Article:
Restored World War I locomotive to be unveiled at Richmond Vale Railway Museum

HISTORIC: The former World War I locomotive when it was in service with Richmond Vale Railway as ROD 23. The restored locomotive will be unveiled at the railway museum on Saturday.
HISTORIC: The former World War I locomotive when it was in service with Richmond Vale Railway as ROD 23. The restored locomotive will be unveiled at the railway museum on Saturday.

A restored World War I locomotive will be unveiled at Richmond Vale Railway Museum on Saturday as part of the museum’s annual Coalfields Steam celebrations.

The locomotive – known as an ROD after the Railway Operating Division of the Royal Engineers – is 99 years old, having been built in April 1918.

It was used in France at end of the Great War, as hostilities came to an end, and thousands of soldiers were repatriated.

In post-war years, the locomotive was purchased by coal baron John Brown for use on his Richmond Vale Railway, linking his coal mines in the Kurri Kurri district with coal loaders at Hexham.

It operated under the running number ROD 23.

“After withdrawal from service, the locomotive was displayed at the former mining museum at Freeman’s Waterhole,” museum chairman Peter Meddows said.

“It was then gifted to our museum by Coal and Allied Industries, the successor to John Brown’s companies.”

Mr Meddows paid tribute to the work of museum volunteer Graham Black, who has led the restoration of the locomotive.

“Graham’s detective work has identified which parts have stayed with the locomotive throughout its life, and the few which have come from other locomotives at overhaul time, thus confirming its origins,” he said.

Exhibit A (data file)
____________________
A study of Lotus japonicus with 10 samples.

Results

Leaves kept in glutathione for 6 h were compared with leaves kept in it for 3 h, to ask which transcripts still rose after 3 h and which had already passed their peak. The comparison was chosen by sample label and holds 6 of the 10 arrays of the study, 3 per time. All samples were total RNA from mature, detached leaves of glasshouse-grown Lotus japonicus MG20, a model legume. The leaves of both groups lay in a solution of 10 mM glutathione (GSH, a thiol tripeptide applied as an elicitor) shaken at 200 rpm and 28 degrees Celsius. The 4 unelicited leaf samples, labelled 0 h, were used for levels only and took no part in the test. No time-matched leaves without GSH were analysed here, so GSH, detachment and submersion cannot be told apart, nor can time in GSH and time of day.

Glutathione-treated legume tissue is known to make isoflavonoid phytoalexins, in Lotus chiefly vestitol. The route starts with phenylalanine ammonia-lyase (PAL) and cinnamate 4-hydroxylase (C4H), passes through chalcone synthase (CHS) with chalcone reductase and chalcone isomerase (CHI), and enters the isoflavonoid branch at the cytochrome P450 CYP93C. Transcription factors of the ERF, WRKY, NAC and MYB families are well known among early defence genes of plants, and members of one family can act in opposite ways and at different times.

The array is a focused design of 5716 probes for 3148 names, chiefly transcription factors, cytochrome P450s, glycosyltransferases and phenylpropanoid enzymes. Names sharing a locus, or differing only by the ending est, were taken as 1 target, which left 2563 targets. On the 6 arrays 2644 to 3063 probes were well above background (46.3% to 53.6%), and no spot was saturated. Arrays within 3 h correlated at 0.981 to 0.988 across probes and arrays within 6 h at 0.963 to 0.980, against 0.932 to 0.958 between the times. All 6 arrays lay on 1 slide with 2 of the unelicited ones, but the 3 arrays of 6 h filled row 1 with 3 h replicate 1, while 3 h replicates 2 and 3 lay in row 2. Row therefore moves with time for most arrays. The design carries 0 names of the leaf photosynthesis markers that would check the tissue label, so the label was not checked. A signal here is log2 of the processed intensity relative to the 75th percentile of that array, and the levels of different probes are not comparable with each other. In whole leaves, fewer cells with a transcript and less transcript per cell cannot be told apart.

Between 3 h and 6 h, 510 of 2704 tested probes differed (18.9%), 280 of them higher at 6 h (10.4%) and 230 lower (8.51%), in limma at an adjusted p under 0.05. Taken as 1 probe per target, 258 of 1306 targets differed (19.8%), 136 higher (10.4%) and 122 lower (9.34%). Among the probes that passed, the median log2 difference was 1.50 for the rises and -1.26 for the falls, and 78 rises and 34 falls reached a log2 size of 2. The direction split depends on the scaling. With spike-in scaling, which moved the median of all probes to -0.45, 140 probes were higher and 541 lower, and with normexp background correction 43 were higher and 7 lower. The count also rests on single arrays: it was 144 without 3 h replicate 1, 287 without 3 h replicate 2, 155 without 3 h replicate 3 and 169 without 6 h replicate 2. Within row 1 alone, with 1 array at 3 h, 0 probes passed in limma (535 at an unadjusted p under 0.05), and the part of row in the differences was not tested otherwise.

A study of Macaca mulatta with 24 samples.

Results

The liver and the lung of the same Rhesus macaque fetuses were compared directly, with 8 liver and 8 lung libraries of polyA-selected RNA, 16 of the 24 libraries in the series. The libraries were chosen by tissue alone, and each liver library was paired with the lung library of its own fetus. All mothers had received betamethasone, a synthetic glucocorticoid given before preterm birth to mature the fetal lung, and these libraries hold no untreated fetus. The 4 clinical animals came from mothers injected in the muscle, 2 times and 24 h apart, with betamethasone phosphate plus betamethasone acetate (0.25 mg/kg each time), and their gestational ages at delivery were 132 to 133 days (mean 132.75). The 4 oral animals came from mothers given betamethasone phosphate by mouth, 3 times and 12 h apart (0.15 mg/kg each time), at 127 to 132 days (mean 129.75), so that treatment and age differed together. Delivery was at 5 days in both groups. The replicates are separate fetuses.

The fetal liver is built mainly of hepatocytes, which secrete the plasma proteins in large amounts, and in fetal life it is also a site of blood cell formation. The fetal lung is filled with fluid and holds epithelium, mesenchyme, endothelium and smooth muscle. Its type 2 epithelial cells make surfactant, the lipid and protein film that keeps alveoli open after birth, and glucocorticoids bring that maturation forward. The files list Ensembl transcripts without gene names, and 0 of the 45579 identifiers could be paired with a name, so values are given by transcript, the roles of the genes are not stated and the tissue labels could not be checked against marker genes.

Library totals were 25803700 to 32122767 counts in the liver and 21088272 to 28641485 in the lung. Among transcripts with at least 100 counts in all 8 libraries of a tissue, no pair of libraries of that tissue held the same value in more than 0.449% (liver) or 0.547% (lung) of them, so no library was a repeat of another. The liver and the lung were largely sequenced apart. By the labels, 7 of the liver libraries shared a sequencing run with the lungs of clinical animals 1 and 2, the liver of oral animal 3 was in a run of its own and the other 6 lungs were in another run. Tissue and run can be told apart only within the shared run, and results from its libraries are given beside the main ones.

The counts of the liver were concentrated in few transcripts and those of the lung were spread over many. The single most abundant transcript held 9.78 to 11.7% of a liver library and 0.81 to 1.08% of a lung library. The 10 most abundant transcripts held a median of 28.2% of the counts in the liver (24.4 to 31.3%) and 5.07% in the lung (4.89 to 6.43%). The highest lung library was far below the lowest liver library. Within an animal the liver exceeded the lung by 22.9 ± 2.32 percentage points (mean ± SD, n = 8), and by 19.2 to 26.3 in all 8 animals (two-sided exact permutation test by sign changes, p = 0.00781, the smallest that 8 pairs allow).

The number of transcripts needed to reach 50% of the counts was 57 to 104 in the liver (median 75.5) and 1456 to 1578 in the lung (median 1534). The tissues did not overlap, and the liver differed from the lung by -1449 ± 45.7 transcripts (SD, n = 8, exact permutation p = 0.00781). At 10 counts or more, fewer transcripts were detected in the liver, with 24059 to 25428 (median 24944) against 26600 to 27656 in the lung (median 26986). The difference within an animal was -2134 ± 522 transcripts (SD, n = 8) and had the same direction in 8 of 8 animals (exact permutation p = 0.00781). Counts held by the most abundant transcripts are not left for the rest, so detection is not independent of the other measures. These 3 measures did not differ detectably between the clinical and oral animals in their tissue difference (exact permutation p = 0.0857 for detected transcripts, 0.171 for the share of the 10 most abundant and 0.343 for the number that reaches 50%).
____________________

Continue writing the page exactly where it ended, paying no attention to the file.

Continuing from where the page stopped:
“He has led a small but dedicated team in restoring the locomotive for static display, an important task as its centenary approaches.”

The museum has expressed its thanks to Coal and Allied, Port Waratah Coal Services and the Dick and Pip Smith Foundation as major sponsors of the project.

The completed locomotive will be unveiled at the museum on Saturday morning in the presence of sponsors, local dignitaries, former locomotive crew members and museum volunteers.

The unveiling ceremony will include military re-enactors and a display of militaria.

The public is welcome to view the ceremony, which will start at 11am.

Coalfields Steam will continue on Sunday and Monday, with other attractions including a vintage farming machinery display, miniature steam train rides, model railway layouts, miniature steam engines, model boat displays and vintage trucks.

Admission to the museum is $16 adults, $11 concession, $7.50 children five-to-15 years, with children under five free. Unlimited steam train rides are included in the admission charge.